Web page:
James Joyce's "DUBLINERS" is an exceptional collection of stories/portraits about some of the residents of Dublin, Ireland early in the 20th century. Joyce's writing is lyrical, intimate and insightful. His characters run the gamut from very poor to very wealthy, and all have their personal battles, triumphs, and jarring revelations. I had heard of this book for years, but never read it because I was intimidated by the fear that his writing would be difficult to understand. Well, nothing could be farther from the truth! Joyce writes in a modern tone that is easy to read and understand. His characters could easily be people from our present day, as their situations transcend time and cultures. This is a book to be read one or two stories at a time (the better to reflect upon). As a whole, DUBLINERS is both astounding and fulfilling. I highly - highly - recommend this classic to all readers!
Much has been said about his work, which is one of the problems with Joyce. We all know of him, but how many of us have read him? I read A Portrait of the Artist as a Young Man many years ago, and remember almost nothing of it. And like many others before me I tried to tackle Ulysses and got about ten pages in and said, "Bugger this!" (Imagine me saying it in my poor approximation of an Irish accent, and you'll get the idea.) But it occurred to me that hearing the words spoken might be exactly the way I should approach Joyce this time, and if it worked, if I found myself enjoying one of the more accessible books, then perhaps the audio book of Ulysses or Finnegan's Wake would go on my list.
In the end I discovered that I liked Joyce. I'm not a huge fan, but I like the sound of his words, particularly when read by Irish actors. And in the Caedmon version, the quality of the narration is up and down, with possibly the best reading being done by Stephen Rea, who gives us a version of The Dead that sounds as if it comes from the depths of a weary soul. Props also to Ciaran Hinds, Colm Meany, and Dan O'Herlihy. Alas the one Irish actor I'd have loved to hear narrate one of these stories was not included. Donal McCann, who left us far too soon, would have done an outstanding job, but it was not to be.
As for the stories themselves, I began to see that they were all about who people think they are and why. They're brief glances into events, even moments of the characters' lives that are so telling, that make their identities so clear that you come away from each one understanding what they hope for, and why they are suffering.
One story in particular -- I don't recall the title at the moment, so apologies for being vague here -- is the best sketch of an alcoholic I have ever read. I listened, becoming increasingly impatient with him until I wanted to shove him down the stairs. And then I recognized the knowledge that he was fleeing from, and felt terribly sad. It didn't excuse him, but it did explain him.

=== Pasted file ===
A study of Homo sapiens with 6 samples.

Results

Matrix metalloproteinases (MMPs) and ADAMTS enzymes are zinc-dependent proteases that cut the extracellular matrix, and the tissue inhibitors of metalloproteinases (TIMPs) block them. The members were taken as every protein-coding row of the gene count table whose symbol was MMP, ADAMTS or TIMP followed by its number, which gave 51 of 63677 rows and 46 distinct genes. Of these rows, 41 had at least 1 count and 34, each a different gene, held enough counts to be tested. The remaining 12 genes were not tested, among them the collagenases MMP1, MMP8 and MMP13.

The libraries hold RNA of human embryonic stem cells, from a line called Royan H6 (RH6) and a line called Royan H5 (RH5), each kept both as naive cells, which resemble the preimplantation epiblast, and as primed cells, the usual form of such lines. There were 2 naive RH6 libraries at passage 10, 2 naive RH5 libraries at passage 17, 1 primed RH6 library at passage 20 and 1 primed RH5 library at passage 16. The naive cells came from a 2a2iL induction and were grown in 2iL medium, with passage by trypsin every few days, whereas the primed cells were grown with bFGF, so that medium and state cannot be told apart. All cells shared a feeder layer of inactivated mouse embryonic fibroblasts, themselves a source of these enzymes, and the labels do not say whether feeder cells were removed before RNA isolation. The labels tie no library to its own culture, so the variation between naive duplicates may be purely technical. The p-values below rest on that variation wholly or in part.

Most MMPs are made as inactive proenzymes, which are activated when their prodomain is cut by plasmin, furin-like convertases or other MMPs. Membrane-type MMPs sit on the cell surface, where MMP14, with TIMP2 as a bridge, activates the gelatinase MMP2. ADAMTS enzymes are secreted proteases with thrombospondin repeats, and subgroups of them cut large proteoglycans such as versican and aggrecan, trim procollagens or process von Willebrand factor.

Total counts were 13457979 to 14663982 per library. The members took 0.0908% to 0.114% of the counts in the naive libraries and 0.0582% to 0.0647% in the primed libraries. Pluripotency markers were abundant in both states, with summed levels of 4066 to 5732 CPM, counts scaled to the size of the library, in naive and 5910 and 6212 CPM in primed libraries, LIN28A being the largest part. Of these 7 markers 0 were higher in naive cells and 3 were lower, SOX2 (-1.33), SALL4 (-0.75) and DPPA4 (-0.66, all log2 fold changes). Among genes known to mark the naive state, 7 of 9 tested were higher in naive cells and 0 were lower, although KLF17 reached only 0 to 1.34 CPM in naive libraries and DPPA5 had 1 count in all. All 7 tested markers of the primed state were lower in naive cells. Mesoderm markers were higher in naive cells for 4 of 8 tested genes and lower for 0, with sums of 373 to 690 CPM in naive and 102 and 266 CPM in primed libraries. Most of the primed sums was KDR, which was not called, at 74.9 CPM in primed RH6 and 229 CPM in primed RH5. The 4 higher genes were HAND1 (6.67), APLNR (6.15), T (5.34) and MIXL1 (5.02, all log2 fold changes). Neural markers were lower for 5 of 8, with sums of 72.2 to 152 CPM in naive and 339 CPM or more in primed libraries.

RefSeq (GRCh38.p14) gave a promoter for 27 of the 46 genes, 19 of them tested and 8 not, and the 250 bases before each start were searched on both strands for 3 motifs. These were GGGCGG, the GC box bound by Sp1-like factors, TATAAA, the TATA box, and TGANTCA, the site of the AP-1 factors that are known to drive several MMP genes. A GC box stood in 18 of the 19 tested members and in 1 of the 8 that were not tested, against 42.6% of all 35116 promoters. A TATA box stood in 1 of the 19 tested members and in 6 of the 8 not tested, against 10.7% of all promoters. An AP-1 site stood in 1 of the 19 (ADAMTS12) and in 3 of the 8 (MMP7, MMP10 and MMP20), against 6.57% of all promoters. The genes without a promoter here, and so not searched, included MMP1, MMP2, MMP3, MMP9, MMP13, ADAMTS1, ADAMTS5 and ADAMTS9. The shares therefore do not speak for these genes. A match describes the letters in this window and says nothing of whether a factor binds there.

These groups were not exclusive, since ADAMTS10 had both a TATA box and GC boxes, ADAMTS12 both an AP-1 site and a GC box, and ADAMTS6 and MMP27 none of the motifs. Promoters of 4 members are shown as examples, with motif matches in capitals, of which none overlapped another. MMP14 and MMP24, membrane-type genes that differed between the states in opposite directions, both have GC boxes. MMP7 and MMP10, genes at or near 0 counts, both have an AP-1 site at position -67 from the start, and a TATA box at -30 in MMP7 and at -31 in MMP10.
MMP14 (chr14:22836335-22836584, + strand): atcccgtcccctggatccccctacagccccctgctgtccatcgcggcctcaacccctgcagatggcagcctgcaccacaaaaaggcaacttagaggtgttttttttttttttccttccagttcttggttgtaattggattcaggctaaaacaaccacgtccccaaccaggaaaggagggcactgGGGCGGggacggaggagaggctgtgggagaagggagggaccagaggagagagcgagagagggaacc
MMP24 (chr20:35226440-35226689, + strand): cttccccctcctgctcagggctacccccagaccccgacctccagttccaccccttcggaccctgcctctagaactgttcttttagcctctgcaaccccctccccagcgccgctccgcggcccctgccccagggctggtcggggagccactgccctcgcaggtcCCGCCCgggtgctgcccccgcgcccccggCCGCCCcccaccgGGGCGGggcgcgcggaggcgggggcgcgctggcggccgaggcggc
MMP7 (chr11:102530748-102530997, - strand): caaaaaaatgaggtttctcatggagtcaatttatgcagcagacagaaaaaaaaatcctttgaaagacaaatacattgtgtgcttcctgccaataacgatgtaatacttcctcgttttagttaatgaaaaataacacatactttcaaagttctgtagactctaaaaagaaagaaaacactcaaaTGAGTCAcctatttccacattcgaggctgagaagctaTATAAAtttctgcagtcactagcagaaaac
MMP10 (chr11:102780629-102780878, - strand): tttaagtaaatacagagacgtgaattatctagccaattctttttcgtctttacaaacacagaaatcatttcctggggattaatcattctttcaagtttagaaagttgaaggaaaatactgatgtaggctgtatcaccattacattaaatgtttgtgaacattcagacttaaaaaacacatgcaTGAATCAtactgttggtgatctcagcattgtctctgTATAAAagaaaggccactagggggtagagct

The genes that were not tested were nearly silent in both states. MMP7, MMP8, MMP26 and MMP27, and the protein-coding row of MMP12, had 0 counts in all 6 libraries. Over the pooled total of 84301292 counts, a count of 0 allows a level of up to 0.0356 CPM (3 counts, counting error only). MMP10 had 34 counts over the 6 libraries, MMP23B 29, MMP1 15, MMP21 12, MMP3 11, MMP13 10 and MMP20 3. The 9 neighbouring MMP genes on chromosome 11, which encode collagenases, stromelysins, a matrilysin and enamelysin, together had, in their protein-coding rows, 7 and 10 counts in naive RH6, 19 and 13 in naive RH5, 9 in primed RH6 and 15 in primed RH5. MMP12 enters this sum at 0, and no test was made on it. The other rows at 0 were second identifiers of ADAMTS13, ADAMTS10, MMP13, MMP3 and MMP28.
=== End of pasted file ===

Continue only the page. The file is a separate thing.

I'm not sure if I will go any further with Joyce, even in audio form, but I did enjoy Dubliners tremendously, and that's all you can ask from a book.
I originally had to purchase Dubliners for an English class a couple years ago for a condensed summer semester course. I found this copy online and took advantage of the extremely low price. Even though it is only $1, the copy arrived in good shape as far as the cover and the pages, and it was printed well.
I figured this book was going to be like any other book I've had to purchase for a college course. As a student you're pressured to purchase it per the course guidelines and ultimately you do so not to negatively affect your grade since the assignments and exams are based off of the readings. To my surprise, I really really enjoyed this book. My professor was pretty out there, but incredibly smart, and provided insightful information on each chapter from Dubliners. Oddly enough, I still think about these short stories regularly as I see certain themes from the book transpire in my own life. To fully experience James Joyce's Dubliners, I would encourage students / readers to further inspect the events and the characters, especially as they relate from one story to the next. The underlying message that James Joyce weaves throughout the book is one that I will never forget; I will use as motivation in such a crucial point in my life where I'm faced with important decisions and I ultimately get to choose my path and what lies next.
I loan out my copy of the book frequently, and would definitely recommend checking it out.